Source: Surgery for Carl Crawford

Boston Red Sox outfielder Carl Crawford is expected to undergo Tommy John surgery Tuesday to repair the torn ulnar collateral ligament in his left elbow, a source told ESPN on Sunday night.

Red Sox general manager Ben Cherington, however, denied that a decision on Crawford having surgery had been made. The Red Sox said earlier Sunday the team planned to meet with Crawford and members of the Red Sox's medical staff on Monday to make a decision on if and when Crawford would have the surgery.

"We want to make a focused decision tomorrow on what's best for Carl," Cherington said. "Listen to him, look at all the available information and figure out if this is something that needs to be fixed (immediately) or if he can continue to play with it."

Crawford, who played left field and batted second in Sunday's series finale against the Yankees, underwent wrist surgery in January, causing him to open the season on the disabled list. While rehabbing at the team's training facility in Fort Myers, Fla., he subsequently hurt his elbow, an injury the team announced on April 27 as a sprained ulnar collateral ligament. He missed the team's first 89 games before returning on July 17, but days before his activation, he acknowledged he had thoughts about having Tommy John surgery.

Crawford has maintained that Dr. James Andrews, the orthopedist who examined him in April, told him that he ultimately would require Tommy John surgery, a position repeatedly challenged publicly by both Cherington and manager Bobby Valentine, who have said that surgery was not necessarily required.

"I think we were hopeful and I've been hopeful we could avoid it," Cherington said Sunday. "I think part of the reason to let him play, and he wanted it, he wanted a shot to play just to see. There are times a player can get out there with an injury and for whatever reason it doesn't affect them and can play out there for a long time.

"We're always hopeful to avoid surgery. That's always the first choice, so I think we talked about it in the past our hope was that we could treat it conservatively. We felt that surgery was a possibility if the symptoms didn't go away and if he felt like he couldn't play at a high level for a long period of time."

"I don't know about the decision," Valentine said after Sunday night's 4-1 loss to the Yankees. "We're going to circle it tomorrow, what the whole thing's going to be. Carl's given everything he has and from everything I gathered, the elbow situation is trending the wrong way, and if that's the case, I guess a decision will be made one way or another.''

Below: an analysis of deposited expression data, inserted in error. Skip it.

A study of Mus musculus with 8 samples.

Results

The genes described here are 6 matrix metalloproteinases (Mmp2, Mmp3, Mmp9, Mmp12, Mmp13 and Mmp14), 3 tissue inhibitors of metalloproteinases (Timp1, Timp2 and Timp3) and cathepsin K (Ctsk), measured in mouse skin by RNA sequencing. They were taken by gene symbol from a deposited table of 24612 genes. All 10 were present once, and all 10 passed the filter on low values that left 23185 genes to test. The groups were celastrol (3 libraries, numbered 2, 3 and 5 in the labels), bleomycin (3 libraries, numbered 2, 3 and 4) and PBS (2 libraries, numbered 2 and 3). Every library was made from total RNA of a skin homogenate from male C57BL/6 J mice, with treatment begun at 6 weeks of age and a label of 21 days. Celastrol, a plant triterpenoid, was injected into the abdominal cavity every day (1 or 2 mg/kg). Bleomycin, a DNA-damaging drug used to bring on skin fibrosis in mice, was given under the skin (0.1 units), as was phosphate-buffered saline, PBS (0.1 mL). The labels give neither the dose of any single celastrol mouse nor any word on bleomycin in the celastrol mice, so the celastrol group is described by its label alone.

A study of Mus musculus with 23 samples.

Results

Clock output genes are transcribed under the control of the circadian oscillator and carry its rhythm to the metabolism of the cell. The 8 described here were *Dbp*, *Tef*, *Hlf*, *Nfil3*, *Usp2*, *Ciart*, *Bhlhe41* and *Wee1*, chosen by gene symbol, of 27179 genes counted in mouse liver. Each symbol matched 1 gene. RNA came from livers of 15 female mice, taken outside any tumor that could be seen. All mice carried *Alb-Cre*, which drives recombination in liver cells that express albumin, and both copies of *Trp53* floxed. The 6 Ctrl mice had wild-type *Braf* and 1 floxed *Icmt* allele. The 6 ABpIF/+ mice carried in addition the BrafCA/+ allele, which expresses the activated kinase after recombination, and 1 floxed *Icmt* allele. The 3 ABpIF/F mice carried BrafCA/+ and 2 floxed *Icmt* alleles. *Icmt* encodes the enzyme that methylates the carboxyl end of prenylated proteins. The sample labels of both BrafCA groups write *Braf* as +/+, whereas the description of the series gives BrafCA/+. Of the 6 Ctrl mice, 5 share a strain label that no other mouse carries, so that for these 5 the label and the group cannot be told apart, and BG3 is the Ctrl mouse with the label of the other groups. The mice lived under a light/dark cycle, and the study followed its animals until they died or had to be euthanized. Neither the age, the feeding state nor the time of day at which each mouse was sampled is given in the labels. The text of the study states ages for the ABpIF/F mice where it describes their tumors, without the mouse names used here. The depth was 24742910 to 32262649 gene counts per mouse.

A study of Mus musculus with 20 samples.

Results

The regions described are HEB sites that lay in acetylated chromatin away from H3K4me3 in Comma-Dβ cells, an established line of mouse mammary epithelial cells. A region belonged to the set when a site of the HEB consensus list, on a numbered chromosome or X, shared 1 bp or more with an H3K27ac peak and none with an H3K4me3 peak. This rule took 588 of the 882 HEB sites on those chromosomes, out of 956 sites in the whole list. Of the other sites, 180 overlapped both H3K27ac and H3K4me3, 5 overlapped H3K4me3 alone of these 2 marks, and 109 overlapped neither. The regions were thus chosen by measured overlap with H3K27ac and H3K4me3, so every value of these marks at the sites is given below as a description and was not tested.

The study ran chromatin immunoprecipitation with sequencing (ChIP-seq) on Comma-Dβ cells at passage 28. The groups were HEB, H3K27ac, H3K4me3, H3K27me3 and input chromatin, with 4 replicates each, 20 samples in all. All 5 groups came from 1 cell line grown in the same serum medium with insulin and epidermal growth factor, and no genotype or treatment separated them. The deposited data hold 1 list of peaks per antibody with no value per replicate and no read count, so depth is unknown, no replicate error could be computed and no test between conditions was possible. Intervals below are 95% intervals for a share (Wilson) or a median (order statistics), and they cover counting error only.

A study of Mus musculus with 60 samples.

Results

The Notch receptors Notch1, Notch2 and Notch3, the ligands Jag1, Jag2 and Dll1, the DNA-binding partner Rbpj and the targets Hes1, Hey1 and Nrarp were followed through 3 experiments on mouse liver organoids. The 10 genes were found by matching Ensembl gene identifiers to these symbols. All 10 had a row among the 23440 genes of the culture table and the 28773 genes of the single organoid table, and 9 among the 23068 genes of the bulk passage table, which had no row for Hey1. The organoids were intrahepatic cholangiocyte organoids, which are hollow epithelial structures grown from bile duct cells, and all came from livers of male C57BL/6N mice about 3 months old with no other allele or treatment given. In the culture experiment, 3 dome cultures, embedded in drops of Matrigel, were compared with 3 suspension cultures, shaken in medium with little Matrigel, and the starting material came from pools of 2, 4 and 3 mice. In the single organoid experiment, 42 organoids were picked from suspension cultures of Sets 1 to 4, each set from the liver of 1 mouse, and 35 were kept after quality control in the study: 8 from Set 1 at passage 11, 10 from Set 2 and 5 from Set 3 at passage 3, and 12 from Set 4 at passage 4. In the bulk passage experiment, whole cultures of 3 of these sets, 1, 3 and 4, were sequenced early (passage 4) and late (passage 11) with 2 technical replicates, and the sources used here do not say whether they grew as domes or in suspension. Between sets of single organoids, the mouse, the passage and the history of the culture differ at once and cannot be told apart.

Cherington admitted he was more resigned that surgery is necessary now than he was a month ago.

"Yeah, we're further ahead," he said. "It was not my intention to suggest or portray in any way there was a fundamental divide. There was a decision to treat it conservatively even though the day it was diagnosed that of course eventually there was a possibility there could be surgery.

"We are where we are today. He's played well. To his credit he's gutted through this for the team. I think we've had enough time now to know, we have enough information to get together with him tomorrow and try to make a decision for the rest of the year."

Teammate David Ortiz voiced his support for Crawford after Sunday night's game.

"You've got to take care of yourself," Ortiz said. "If you're injured, you're injured. Nobody has Tommy John because it's fun.''

According to two people with close ties to Crawford, the left fielder was reluctant to tell the Red Sox he would like to shut down playing and have the surgery because he was afraid of how that would be perceived -- by his teammates, by management and by Red Sox fans, ESPNBoston.com's Gordon Edes reported Saturday.

Asked whether the situation is weighing on Crawford, Cherington said, "He's been asked about it a lot. I don't want to speak for him, but I think most people would say playing with an injury is different mentally than playing completely free of worrying about that sort of thing and of course he's been asked about it a lot. I don't know if its distracting for him, but he's dealing with it."

Cherington said using Crawford as the DH could hypothetically help in the short term, but hasn't been seriously considered.

"I think in our situation, what Carl is paid to do, we need to focus on what's best for Carl, what gives him the best chance to be the player we know he can be for the longest period of time over the length of his contract," Cherington said. "I suppose there's a scenario in a parallel universe where DHing might make sense for some period of time but I'm not sure it's this one."

Information from ESPNBoston.com's Gordon Edes was used in this report.